We've Come a Long Way in Waste

We're so caught up in the future of our industry, we tend to forget that the topic of waste management has concerned mankind for thousands of years. It is possible that even prehistoric man took measures to separate waste disposal from daily life.

Even the Ancients Worried About Waste and Its Disposal

When the Pharoahs decided to build the Pyramids, they established villages to house the workers. Because these projects took years to complete, generations were expected to live and die within the walls of these villages.

A key aspect of the village was waste disposal. Archaeologists are able to tell us that the waste area was generally located to the southwest of the village, where an incline would carry the waste downhill and away from the village.

In the Rome of Christ's day, the government built tunnels to drain the marshes around the city and carry away the waste into the Tiber River. Of course, the pollution of the river was always a concern after that.

The Dark Ages - Dark and Smelly

In London, where narrow streets and overpopulation made life suffocating, to say the least, the town council tried a number of ways to manage waste. They required residents to clean the street in front of their buildings and charged fines for failure to do so.

In what might be considered the first garbage vehicles, the council hired "rakers" to gather whatever garbage remained and cart it to dung boats located on the Thames River. No doubt, some of the dung found its way into the river, as well.

One of the major reforms of the reign of King Edward I(1271-1307) was the installation of pipes to carry off human waste.

Renaissance Waste

Venice during the Renaissance was the model of everything modern, from government to art. The town council established a bureau of public sanitation in 1385 to provide clean drinking water and prevent swamps. And this was before we knew that the presence of swamps contributed to disease outbreaks.

The city also had the first known municipal commission of public health, responsible for testing food and drugs offered for public sale.

Smog Did Not Originate in the 20th Century

By 1661, air pollution caused by the burning of coal was such a problem in London that the King requested John Evelyn to develop a plan for dissipating the cloud which hung over the city.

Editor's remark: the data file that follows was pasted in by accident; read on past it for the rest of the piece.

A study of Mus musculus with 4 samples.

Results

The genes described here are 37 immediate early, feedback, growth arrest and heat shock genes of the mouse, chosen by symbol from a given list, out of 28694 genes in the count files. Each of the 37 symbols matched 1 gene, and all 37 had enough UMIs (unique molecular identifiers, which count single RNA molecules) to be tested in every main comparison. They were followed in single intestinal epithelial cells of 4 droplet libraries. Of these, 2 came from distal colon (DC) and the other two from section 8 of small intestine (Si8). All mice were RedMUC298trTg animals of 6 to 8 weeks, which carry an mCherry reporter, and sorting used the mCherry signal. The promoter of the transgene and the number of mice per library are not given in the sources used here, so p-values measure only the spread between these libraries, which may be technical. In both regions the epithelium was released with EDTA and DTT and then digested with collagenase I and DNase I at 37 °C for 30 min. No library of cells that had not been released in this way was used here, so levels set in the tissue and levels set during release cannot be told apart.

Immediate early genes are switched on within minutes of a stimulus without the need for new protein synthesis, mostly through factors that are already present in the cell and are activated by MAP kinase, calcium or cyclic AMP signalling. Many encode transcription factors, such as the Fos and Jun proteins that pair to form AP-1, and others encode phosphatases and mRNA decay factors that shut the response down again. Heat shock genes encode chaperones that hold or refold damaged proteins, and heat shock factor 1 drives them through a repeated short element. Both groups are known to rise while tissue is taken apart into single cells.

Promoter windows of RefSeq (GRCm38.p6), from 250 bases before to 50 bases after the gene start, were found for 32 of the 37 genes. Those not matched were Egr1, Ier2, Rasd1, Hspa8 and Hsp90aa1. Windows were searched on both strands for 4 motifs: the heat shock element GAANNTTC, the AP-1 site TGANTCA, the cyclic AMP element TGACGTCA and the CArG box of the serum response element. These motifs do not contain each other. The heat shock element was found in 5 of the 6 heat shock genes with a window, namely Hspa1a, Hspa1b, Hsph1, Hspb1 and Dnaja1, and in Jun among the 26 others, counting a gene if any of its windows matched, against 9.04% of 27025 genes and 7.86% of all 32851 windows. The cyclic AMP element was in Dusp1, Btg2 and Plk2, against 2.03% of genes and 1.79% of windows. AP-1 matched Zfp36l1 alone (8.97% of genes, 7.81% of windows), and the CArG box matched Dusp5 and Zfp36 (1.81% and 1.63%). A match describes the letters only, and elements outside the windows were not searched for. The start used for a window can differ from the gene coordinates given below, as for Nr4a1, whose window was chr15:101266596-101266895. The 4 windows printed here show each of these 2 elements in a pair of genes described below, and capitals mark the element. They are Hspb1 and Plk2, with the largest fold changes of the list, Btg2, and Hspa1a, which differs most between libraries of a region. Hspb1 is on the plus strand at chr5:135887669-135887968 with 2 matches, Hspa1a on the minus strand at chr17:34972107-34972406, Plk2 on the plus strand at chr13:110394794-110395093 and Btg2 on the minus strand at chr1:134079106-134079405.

Evelyn's plan was defeated by Parliament, because the legislative body consisted of rich industrialists who were not interested in changing their fuel habits. Thirteen years later, physician Sir Thomas Browne warned that inhaling this smoke was sure to cause longterm health problems for London's citizens.

Improvement, Slow But Steady

By the mid-eighteenth century, most homes in London had running water, and every ward(section) of the city had a scavenger to organize the collection of waste. While some localities enjoyed the luxury of sewers, London did not have a general sewage system until 1865.

American Civil War - Return to the Dark Ages of Waste Management

During the Civil War in America, the Union army had a whole list of health requirements, including the careful placement and use of latrines and garbage pits with daily applications of earth and chloride of lime.

The troops, and many of the officers, simply ignored the list. This meant that garbage often rotted where it fell, leading to the inevitable smells and disease.

Better Than Ever...Or Are We?

Most industry experts predict that one day every molecule of waste we generate will be recycled into a different, useful product. While scientific advancements offer us this window into a new reality, we still must deal with waste management, day in and day our, year in and year out.